Somali pirates in speedboats opened fire Monday on two cargo ships in the latest hijacking attempts in the notorious Gulf of Aden. Another band of brigands freed a food aid freighter but only after receiving a $100,000 "reward" from Somali businessmen.
The latest attack occurred at midday when pirates fired shots at a Chinese-owned, Panama-flagged cargo ship, the MV New Legend Honor, said Cmdr. Chris Davies, from NATO's maritime headquarters in England.
Two NATO warships — one Canadian, the other British — scrambled helicopters in defense, Davies said. No damage was reported to the cargo ship and the pirates escaped.
In a separate pre-dawn attack, pirates fired rockets at the Maltese-flagged MV Atlantica about 30 miles off Yemen's coast in the Gulf of Aden, said Lt.-Cmdr. Alexandre Santos Fernandes, a spokesman for the NATO alliance.
Two boats with about six pirates each attacked the ship and one skiff attempted to board it. The ship took evasive maneuvers and escaped without damage or injury to crew, Fernandes said from a warship in the area.
NATO forces have helped fend off several attacks in recent days, but have released the culprits because they had no jurisdiction to arrest them. In some cases, neither the pirates nor their targets were nationals of NATO countries.
In Washington, U.S. Secretary of State Hillary Rodham Clinton and Dutch Foreign Minister Maxime Verhagen met Monday and said they will seek authority for NATO to arrest pirates.
The U.N. announced Monday that pirates had released one ship, the Lebanese-owned MV Sea Horse. The Togo-flagged ship was captured April 14 with 19 crew as it headed to India to pick up more than 7,000 tons of U.N. food destined for hungry Somalis.
But the release was not just a humanitarian gesture.
Pirates let the Sea Horse go after two Dubai-based Somali businessmen intervened and paid off the pirates, said Somali clan elder Abdisalan Khalif Ahmed. The pair had been contracted by the World Food Program to pick up and deliver the food, he told The Associated Press from Harardhere, the Somali port where the freighter had been hauled to by pirates.
The businessmen "pledged to cover the expenses of the pirates who have been out to sea for ten days," Ahmed said.
A man in Harardhere who identified himself as Muhidin Abdulle Nur and claimed to be part of the gang that seized the freighter said the businessmen had paid "a reward" of $100,000 on Sunday.
The U.N. food agency denied any knowledge of a ransom being paid, but ships are usually freed only after their owners pay multimillion-dollar ransoms, sometimes dropped in cash from helicopters directly onto ship decks.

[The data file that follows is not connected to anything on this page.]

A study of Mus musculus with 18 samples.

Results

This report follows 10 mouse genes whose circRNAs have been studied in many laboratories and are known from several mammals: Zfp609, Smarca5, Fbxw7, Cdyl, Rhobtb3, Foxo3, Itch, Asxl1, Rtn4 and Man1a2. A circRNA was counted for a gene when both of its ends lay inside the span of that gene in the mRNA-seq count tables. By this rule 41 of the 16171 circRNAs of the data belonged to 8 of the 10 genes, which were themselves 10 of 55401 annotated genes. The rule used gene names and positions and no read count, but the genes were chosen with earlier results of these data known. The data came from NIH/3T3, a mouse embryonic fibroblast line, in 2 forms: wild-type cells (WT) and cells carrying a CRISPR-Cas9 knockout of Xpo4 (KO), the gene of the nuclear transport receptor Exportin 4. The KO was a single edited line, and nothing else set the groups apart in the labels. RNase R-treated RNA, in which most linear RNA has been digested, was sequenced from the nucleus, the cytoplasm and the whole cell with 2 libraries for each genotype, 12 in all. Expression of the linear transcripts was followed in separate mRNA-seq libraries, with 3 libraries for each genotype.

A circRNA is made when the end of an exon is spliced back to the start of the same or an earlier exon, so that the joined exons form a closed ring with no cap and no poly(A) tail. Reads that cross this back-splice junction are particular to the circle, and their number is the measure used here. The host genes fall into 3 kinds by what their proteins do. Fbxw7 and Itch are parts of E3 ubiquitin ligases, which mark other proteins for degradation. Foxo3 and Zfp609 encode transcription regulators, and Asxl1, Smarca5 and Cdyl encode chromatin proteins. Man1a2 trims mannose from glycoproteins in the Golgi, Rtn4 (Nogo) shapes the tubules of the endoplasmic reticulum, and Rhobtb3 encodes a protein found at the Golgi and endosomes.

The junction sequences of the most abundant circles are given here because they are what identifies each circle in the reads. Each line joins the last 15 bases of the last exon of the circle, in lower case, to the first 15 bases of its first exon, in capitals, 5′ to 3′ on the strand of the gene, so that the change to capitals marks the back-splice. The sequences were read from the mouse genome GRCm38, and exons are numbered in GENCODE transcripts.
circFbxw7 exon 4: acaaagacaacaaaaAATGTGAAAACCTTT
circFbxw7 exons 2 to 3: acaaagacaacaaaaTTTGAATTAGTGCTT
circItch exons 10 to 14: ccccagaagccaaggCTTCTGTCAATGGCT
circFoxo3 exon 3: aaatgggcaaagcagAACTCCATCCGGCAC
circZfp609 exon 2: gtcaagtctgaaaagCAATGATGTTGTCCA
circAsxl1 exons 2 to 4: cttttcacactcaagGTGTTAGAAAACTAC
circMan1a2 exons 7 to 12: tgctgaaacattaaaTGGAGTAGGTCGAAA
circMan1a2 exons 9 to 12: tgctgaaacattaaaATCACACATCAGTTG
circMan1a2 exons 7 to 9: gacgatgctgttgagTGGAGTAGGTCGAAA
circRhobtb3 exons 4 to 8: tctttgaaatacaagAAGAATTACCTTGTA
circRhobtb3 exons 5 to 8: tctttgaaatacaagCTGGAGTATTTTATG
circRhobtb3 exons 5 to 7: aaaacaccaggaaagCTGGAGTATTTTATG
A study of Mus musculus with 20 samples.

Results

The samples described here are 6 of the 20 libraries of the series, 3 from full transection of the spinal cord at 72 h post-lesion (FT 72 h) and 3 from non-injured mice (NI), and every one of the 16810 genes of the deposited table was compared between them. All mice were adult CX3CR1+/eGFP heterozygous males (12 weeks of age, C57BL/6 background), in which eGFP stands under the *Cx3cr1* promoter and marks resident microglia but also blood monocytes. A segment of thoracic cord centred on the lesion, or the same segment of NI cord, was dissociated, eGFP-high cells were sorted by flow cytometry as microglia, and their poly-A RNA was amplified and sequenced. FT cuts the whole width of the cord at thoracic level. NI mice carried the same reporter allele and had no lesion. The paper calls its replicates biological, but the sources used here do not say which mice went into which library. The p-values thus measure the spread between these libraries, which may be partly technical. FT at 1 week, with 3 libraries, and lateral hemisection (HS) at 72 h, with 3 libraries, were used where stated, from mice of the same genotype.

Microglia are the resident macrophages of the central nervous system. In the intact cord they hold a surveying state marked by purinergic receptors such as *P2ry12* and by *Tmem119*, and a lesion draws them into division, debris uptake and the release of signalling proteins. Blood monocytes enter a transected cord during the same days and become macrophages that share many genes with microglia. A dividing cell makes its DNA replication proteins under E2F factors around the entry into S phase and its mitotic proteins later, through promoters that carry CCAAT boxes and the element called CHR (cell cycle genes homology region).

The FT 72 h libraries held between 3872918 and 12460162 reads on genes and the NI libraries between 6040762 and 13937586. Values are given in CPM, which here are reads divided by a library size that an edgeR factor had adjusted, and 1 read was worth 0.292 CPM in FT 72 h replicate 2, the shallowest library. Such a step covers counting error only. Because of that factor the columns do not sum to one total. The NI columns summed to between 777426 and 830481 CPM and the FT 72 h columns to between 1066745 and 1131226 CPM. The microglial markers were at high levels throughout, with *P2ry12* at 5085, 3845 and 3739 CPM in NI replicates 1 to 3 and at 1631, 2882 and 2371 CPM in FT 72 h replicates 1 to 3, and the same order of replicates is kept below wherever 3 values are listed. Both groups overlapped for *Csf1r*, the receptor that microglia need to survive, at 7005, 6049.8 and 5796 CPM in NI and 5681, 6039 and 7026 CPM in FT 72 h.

Roger Middleton, a piracy expert at London-based think-tank Chatham House, said since the Sea Horse had no cargo yet, it was probably less valuable anyway.
The U.N. food agency is feeding 3.5 million Somalis this year, about half the country's people. Most food is delivered by sea because flights are too expensive and roads are plagued by bandits.
Analysts blame Somalia's nearly 20 years of lawlessness for fueling piracy's rise.
Years ago, foreign trawlers began taking advantage of Somalia's civil war to fish its waters illegally and dump toxic waste there. Vigilante Somali fishermen tried to defend their shores, and later morphed into full-blown pirates.
Attacks have risen markedly in recent weeks, and brigands hold at least 17 other ships and around 300 crew.
In another sign of deteriorating security in Somalia, two foreign aid workers — one Belgian and one Dutch — employed by Doctors Without Borders were taken hostage Sunday by 25 masked gunmen.
There was no indication the abductions were related to the surge in piracy. The kidnapping of aid workers has long been a common problem in lawless Somalia.
Meanwhile, the European Dredging Association urged European Union governments to step up anti-piracy operations, warning that many more ships could fall prey to pirates.
Pirates captured the Belgian-flagged dredger Pompei on Saturday in the Indian Ocean north of the Seychelles islands. Belgian officials said Monday they have not been able to contact the ship's 10-man crew or their captors.
"Diplomatic relations with Somalia mean nothing because there is no state," said Belgian Foreign Minister Karel De Gucht. "You can't solve this via normal diplomatic channels."